A quick history of music from Scripture, archaeology and ancient literature

The Bible, like the ancient cultures that it represents, is full of music! As far back as historians can see, music has been a part of human life: From the rock gongs (lithophones) of pre-history to the intricate bull lyres of Ur, mankind is musical. The Bible’s first mention of music comes from Genesis 4, an origin story of sorts. Jubal, whose name itself means “ram’s horn” or “trumpet” is given credit for inventing the “harp and flute”, or lyre and pipe, perhaps, the double flute that shows up in many ancient depictions alongside the lyre.

Knowledge of ancient musical instruments has come down to us through physical remains, artistic depictions (paintings, carvings, clay impressions, sculptures) and literary evidence. These sources have verified that instruments were made from diverse materials: wood, reed, animal gut and hide, metal, pottery, bone and ivory.[1] Of course, some of these materials some of which are easily preserved while others tend to rot with time and regular wear.

“It is said [of a horned beast] that while it lives it has only one voice, but when it is dead it has seven voices.

 

In the percussion realm drums made of stretched hide, and tambourines (without today’s common jingles) are known to have been used, but decay quite easily, so far none have been found from ancient Israel. Rattles, cymbals and bells are a different story. Many have been found. Before the invention of bells as we know them (9th Century BC), pottery rattles or shakers were popular.[2] Metal sistrums, bronze cymbals, and noisy jewelry like bracelets and anklets round out this category.

In the woodwind camp, there is the now famous Second Temple Period (6th Century BC – 1 Century AD) bone flute that was discovered in the city of David excavations.[3] Many types of flutes existed in the ancient Near East, but they weren’t the only instrument that utilized a type of bone. Animal horns were used to create trumpets or shofars. Trumpets could also be made out of metal. We know from Numbers 10 that silver trumpets were made for public events and ceremonies of Israel. Interestingly, metal trumpets may have had an association with the lotus flower whose shape certainly is trumpet like. An example of this association was discovered in King Tut’s tomb, his silver trumpet and its wooden insert are decorated with the lotus.[4][5] In the book of Psalms there are several sections that are to be played “according to the lilies” or “according to the lotus” (Psalm 45, 60, 69, 80), this may mean they were songs played with trumpets.[6]

Listed in David’s worship roster for the Temple, were stringed harps and lyres. These lyres came in many forms and sizes, from ones that sat on the floor to handheld.[7] From modern reconstructions it’s known that larger lyres played in lower registers than the smaller handheld styles.[8]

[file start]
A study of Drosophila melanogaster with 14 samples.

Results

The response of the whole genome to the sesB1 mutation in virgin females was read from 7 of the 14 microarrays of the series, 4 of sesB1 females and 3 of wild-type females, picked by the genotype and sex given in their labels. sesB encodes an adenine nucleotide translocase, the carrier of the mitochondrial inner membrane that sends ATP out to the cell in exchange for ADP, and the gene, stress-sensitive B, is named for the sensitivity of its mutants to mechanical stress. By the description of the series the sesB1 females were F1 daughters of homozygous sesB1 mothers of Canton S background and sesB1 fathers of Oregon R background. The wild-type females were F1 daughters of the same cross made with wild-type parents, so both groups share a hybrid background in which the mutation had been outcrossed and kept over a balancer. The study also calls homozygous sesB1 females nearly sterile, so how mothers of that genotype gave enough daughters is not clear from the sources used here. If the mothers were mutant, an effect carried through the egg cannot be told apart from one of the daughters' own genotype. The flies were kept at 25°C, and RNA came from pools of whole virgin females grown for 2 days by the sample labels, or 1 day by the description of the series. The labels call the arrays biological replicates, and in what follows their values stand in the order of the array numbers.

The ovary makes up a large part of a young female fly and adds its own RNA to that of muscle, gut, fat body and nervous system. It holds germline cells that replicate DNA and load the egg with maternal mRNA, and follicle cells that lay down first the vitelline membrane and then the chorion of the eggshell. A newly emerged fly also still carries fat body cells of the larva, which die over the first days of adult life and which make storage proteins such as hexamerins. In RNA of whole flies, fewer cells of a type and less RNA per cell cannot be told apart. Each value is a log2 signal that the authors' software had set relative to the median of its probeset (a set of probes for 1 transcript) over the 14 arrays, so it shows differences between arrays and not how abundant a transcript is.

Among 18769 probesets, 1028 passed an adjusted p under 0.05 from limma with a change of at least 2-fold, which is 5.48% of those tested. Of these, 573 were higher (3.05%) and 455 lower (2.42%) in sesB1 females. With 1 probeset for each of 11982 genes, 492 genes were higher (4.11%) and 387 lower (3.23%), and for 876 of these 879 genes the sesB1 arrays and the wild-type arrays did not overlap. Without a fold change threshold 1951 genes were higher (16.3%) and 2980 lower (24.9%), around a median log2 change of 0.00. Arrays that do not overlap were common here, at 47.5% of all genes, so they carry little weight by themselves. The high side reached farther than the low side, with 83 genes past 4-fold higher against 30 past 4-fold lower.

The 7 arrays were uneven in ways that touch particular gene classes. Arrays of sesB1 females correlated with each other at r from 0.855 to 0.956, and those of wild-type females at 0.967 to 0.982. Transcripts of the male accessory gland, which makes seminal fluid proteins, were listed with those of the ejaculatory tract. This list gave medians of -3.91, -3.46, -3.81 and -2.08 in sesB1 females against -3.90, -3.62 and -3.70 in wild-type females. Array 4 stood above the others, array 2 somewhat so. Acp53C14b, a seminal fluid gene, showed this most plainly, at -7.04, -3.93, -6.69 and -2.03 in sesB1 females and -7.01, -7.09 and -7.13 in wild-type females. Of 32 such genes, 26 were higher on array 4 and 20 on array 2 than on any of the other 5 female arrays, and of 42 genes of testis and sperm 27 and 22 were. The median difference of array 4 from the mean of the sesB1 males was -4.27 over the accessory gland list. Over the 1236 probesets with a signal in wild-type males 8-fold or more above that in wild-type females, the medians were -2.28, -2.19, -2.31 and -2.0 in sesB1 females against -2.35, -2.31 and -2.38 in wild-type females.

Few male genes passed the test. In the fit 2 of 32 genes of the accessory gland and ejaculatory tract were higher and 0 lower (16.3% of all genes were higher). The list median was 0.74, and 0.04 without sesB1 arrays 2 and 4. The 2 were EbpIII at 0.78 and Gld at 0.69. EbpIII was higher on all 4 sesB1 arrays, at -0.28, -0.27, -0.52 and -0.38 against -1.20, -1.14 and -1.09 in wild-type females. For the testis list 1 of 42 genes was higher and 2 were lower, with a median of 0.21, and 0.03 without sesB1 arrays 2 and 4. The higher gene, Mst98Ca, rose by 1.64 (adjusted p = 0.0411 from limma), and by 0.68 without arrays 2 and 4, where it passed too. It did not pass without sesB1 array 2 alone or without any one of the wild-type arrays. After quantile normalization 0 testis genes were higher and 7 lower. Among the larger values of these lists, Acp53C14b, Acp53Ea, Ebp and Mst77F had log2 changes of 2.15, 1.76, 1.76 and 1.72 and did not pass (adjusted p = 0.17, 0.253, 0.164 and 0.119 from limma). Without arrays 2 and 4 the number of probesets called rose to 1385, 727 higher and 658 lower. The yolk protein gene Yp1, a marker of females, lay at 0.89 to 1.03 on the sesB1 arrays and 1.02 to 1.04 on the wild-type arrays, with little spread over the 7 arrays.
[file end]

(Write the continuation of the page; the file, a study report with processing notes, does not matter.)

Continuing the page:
In Psalms, there are several references to the gates of Jerusalem, and worshipping in the gate structure of the city (Psalm 9:14; 24:7-9; 100:4; 118:19-20; 122:2). This seems to have been a regular place to play music, sing and dance as evidenced by the Bible, and by carvings of musicians that adorned the gates of a few discovered Hittite cities.[9]

Later on, Jewish tradition records that “It is said [of a horned beast] that while it lives it has only one voice, but when it is dead it has seven voices … Its two horns [are fashioned into] two trumpets; its two legbones [are made into] two flutes; its hide [is made into] a drum; its large intestine is [made into strips] for harps; and its small intestines are used for citherns.”[10]

All of these instrumental remains from physical to literary have captured the imaginations of researchers for decades. For some of the more musically inclined, ancient Mesopotamian pieces of music (from Ugarit, fragments of Hurrian cult songs) have even been somewhat deciphered revealing complex chording that records both melody and harmony. Tempo, ornamentation and vocal accompaniment still remain a mystery.[11]

 

Corie Bobechko | March 17, 2021 – 2:00 PM EST


[1] Bayer, Bathja. “The Finds That Could Not Be,” Biblical Archaeology Review 8.1 (1982): 20–33.
[2] Bayer.
[3] “How Scholarly Communication Works,” Biblical Archaeology Review 8.1 (1982): 36–37.
[4] Staubli, Thomas. “Archaeological Views: Performing Psalms in Biblical Times,” Biblical Archaeology Review 44.1 (2018): 62–63.
[5] https://www.the-sun.com/lifestyle/tech/19349/tutankhamuns-cursed-trumpet-that-causes-deadly-conflict-has-arrived-in-the-uk/
[6] Staubli.
[7] Mitchell, Terence C. “And the Band Played On…But What Did They Play On?” Bible Review 15.6 (1999): 32–39.
[8] “World’s Oldest Musical Notation Deciphered on Cuneiform Tablet,” Biblical Archaeology Review 6.5 (1980): 14–19, 23–25.
[9] Staubli.
[10] Mishna, Kinnim 3:6. Referenced from “How Scholarly Communication Works,” Biblical Archaeology Review 8.1 (1982): 36–37.
[11] “World’s Oldest Musical Notation Deciphered on Cuneiform Tablet,” Biblical Archaeology Review 6.5 (1980): 14–19, 23–25.